Live From the US Open: VWSE Productions (Formerly BSN) Enjoys Year 3 in Flushing

By: Karen Hogan

Big Screen Networks has come a long way since 2013, when it powered the US Open videoboard show for the first time. For one thing, it’s no longer Big Screen Networks: following an acquisition by Van Wagner Sports and Entertainment in October, the company changed its name to VWSE Productions. At this year’s Open in Flushing Meadows, NY, it has four new videoboards to populate, a new host broadcaster onsite, and plenty of new gear in the control room.

The most noticeable change to Arthur Ashe Stadium may be the retractable roof slowly taking shape overhead, but the four new IC Technologies videoboards located on each side of the venue are a close second.

 “We’re now programming the four, and we have the ability to split them [into] north/south and east/west [with] a different signal on two at the same time,” says VWSE Productions EVP Bob Becker. “We’ve been [doing] a little bit of that, especially during Opening Ceremonies and national anthems, when they put a flag on two and [image magnification] on the north and south. As the facility grows, we’re continuing to grow, and it’s pretty exciting around here.”

In total, VWSE Productions produces a show for seven videoboards throughout the grounds: four in Ashe and one each in Louis Armstrong Stadium, the food court, and the South Plaza. In the past, VWSE wouldn’t produce a separate show for the grounds; this year, it added another technical director, upgraded the Ross Video Vision switcher, and installed additional monitors in the control room to handle multiple shows at once. Shows consist of graphics, match coverage, highlights, music videos, and statistics (provided by SMT).

“We’re now doing a full show on the ground,” says Becker. “Our [new] TD is there to send different signals to the South Plaza, to Armstrong, and to the food court ,so, at any given time, we can have three different things on any of the boards.”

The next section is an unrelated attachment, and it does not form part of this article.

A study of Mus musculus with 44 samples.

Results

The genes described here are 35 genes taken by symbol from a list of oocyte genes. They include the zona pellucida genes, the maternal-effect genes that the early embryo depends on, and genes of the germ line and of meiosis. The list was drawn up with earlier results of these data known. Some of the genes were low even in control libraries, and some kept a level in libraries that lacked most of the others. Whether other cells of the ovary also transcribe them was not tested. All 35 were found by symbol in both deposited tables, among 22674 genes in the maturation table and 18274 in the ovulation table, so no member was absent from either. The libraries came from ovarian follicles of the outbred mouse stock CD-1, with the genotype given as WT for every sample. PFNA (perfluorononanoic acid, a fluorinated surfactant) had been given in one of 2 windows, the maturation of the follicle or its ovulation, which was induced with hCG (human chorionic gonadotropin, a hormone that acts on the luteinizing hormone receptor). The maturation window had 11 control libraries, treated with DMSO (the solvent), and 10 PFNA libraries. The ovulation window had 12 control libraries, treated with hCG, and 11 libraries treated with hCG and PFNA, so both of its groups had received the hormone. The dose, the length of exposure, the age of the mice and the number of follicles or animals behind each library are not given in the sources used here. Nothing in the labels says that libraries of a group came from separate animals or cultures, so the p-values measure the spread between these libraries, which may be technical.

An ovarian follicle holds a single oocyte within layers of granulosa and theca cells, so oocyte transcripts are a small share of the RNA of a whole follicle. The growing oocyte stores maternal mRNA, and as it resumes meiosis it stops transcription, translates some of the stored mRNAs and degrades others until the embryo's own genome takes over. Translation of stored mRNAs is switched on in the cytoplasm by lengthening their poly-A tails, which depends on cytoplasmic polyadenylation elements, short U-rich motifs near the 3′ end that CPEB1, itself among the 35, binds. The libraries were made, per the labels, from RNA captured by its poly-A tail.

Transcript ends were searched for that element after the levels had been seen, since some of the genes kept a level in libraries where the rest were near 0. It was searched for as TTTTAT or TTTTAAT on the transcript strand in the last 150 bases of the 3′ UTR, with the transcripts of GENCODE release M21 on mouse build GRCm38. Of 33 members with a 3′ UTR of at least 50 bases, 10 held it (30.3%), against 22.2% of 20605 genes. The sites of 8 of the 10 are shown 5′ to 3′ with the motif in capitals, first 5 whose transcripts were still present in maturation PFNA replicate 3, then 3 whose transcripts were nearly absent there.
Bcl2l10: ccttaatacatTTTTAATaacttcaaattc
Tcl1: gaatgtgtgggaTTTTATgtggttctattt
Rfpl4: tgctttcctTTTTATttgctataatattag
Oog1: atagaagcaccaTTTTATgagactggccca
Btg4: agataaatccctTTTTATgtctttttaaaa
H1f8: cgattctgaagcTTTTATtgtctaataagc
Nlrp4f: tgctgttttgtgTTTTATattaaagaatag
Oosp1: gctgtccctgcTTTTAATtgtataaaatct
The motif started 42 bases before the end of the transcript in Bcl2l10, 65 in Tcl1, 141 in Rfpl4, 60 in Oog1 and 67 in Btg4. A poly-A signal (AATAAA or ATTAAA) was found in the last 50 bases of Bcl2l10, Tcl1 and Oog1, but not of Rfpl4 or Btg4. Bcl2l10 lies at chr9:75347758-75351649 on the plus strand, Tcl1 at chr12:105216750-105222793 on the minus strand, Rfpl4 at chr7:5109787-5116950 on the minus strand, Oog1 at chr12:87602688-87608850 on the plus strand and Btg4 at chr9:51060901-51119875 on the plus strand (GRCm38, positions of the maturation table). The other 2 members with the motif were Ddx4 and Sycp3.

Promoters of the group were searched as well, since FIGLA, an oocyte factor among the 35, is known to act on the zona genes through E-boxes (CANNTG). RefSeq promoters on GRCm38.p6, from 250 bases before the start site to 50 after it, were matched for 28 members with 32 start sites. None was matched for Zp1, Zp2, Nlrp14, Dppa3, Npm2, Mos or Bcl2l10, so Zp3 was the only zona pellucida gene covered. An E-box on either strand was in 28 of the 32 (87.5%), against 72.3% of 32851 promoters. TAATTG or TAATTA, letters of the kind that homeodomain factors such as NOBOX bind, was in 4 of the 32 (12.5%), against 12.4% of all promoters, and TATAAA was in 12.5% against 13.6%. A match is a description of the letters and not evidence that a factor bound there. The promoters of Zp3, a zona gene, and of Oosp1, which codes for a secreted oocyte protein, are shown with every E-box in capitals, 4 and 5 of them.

VWSE enhanced its Christie Spyder video processor to take advantage of the South Plaza display’s real estate, pushing out multiple live match feeds, scores and stats, schedules, and more. The company installed an additional ChyronHego graphics engine to provide a lower-third ticker on the boards throughout the grounds. A six-channel EVS XT3 configured for four-in/two-out and a four-channel EVS IPDirector round out VWSE’s complement of rental equipment provided by VER (the switcher and several Click Effects Blaze systems are owned by the USTA).


With ESPN taking over host-feed duties, VWSE relies on the network’s cameras for court coverage, supplementing with two hard cameras and one RF handheld in Arthur Ashe for crowd shots.

“There’s no need for us to cover the court matches when ESPN has everything we need,” explains Becker. “The features they cut we have access to via IPDirector; we just go in and take what they give us. We get all their feeds — clean, dirty, whatever we want. It’s a great relationship.”

VWSE’s edit systems — Adobe Premier Pro CC2015 on Mac Towers hooked to a 12-TB Facilis TerraBlock Shared Storage — continue to be housed across the street from Ashe, but, instead of relying on staffers to run drives back and forth between locations, the systems are now tied directly into the EVS server. Wazee Digital (formerly T3Media) handles archive for the US Open; VWSE now has instant access to archived clips and footage.

The onsite crew consists of seven full-time staffers and approximately 25 freelancers from the New York area.

The company remains committed to working with the USTA to enhance the fan experience throughout the two-week tournament.

“The interesting thing about the USTA and the US Open is, they’re really a model of a well-rounded event as it relates to us and fan engagement all the way across the board,” says VWSE Productions CEO Paul Kalil. “If you were to look at our operation, this encompasses everything that we do at our best, and, working within an organization as great as the US Open, we model that [when we] go elsewhere, and people take it as kind of an innovative next step of what the evolution of this fan engagement can be.”